Finding his purpose through service in three wars
By THOMAS BRENNAN | The Daily News, Jacksonville, N.C. | Published: November 4, 2013
JACKSONVILLE, N.C. — Thirty years in the Navy left Worth Hinnant with a plethora of memories — some good and some bad — but all of them made him the man he is today.
Serving in World War II, Korea and Vietnam, the Navy corpsman earned a Silver Star for gallantry, two Navy and Marine Corps Achievement Medals for valor and three Purple Hearts. By the end of his career, he would have spent 13 years at Field Medical School at Montford Point — now Camp Johnson — instructing the next generation of corpsman. All of which, he said, he would do all over again if given the chance.
“I spent 23 of my 30 years wearing Marine Corps green,” he said “(Corpsmen) didn’t used to have our own uniforms so we wore the Marine Corps’ and damn was I proud to wear it. Being called ‘Doc’ by the Marines is a privilege. It’s prestigious, an honor and it’s something earned not given.”
Hinnant remembers that in 1943 men had to register for the draft at 18 and within a month the Army grabbed them up and sent them off to Europe. But he didn’t want to go into the Army, he said, so he joined the Navy. It wasn’t until boot camp that they found out he had gone through a six-week first aid course back home. His superiors quickly decided that Hinnant would become a corpsman thanks to his training, he said.
The services, he said, were just “pumping” troops out and sending them to war because of how many casualties they were taking overseas adding to his stress level.
Upon graduation, Hinnant was sent to a naval hospital in California for a medical indoctrination course, where he learned the ropes, he said. Once his indoctrination was complete he was shipped out to a boat unit named Lion 8, where he lived in horse stables and sat through classes in the grand stands of a race track. For a year he was trained by Marines in warfare tactics, by Navy Medicine in medical evacuations and by Navy Seabees on how to operate the boats.
“Our job was going to be transporting the casualties from ashore to the ships and to bring supplies ashore to the Marines in the fight,” Hinnant said. “I went to Guam to evacuate casualties. I only had to fire one round during the war, and I hit my target. It was a guy sneaking into our camp one night.”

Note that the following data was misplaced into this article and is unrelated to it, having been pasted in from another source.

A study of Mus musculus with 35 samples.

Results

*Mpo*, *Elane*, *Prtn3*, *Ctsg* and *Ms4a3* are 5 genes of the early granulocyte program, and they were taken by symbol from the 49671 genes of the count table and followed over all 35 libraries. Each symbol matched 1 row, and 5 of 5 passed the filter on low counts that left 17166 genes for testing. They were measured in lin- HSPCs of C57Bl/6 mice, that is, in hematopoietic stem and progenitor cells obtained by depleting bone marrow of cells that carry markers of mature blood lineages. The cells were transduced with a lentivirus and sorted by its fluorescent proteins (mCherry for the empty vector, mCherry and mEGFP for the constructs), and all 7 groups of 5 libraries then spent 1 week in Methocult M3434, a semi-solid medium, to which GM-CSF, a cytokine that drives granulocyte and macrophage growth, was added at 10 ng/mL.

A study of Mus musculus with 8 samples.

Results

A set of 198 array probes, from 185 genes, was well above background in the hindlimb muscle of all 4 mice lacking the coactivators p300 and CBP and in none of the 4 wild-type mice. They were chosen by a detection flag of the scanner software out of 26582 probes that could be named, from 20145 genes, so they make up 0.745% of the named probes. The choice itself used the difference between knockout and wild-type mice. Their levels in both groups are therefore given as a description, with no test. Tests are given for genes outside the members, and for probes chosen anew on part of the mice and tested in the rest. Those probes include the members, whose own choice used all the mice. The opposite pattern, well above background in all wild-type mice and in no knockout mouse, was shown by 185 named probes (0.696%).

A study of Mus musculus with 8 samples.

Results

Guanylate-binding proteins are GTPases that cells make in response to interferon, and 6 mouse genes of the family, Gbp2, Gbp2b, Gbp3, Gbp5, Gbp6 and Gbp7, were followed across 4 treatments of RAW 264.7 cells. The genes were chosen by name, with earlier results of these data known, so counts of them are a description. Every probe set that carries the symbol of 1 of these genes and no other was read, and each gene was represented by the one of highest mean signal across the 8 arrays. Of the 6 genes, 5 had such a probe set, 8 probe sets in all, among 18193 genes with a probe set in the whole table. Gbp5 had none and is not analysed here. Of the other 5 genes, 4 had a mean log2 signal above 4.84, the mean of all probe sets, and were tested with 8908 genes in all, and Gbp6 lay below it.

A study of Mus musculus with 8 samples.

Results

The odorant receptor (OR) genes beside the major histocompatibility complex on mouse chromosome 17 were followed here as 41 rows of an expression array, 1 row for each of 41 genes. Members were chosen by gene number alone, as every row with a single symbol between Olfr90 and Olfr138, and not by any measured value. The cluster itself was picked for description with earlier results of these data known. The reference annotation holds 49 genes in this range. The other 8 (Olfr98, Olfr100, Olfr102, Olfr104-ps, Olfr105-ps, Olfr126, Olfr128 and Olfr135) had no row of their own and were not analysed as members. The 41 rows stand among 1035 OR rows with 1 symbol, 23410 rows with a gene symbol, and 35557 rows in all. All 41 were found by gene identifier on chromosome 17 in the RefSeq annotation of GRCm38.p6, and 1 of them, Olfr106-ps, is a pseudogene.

Hinnant has accepted his role during World War II, he said, and is very thankful he walked away from that war unscathed. He wouldn’t be as lucky in the next one.
“The main combat I saw was during Korea while I was with a Marine infantry unit,” he said. “I was still awfully young; I just went with the flow because I didn’t know any better. But they were entrenched around us pretty good. It was house-to-house fighting. It was pretty intense.”
During the Battle of Inchon, Hinnant earned his first Purple Heart when he was hit by shrapnel. The first day of the battle was “absolute hell,” he said. Pushing through Seoul “was quite an experience,” he said, but the Chosin Reservoir was the worst time of his life. During the battle he was awarded two more Purple Hearts; and his heroism earned him a meritorious promotion to petty officer first class, he said.
“It was colder than hell and it seemed like there were a hundred thousand of them guys out there just trying to kill us,” Hinnant said. “I was lucky. I never got a broken bone. All of my wounds were through and through.”
Later in Vietnam, serving in Chu Lai with 1st Hospital Company as a senior chief petty officer, Hinnant was responsible for handling casualties that “came in by the thousands,” he said. Other than his service in the hospital, he said that he had an “uneventful” tour.
“I wouldn’t change a thing from my 30 years of service,” he said. “It’s the best thing that ever happened to me.
“I was a little farm boy with little plans for the future. The Navy gave me the purpose I was looking for in life and I still cherish it today.”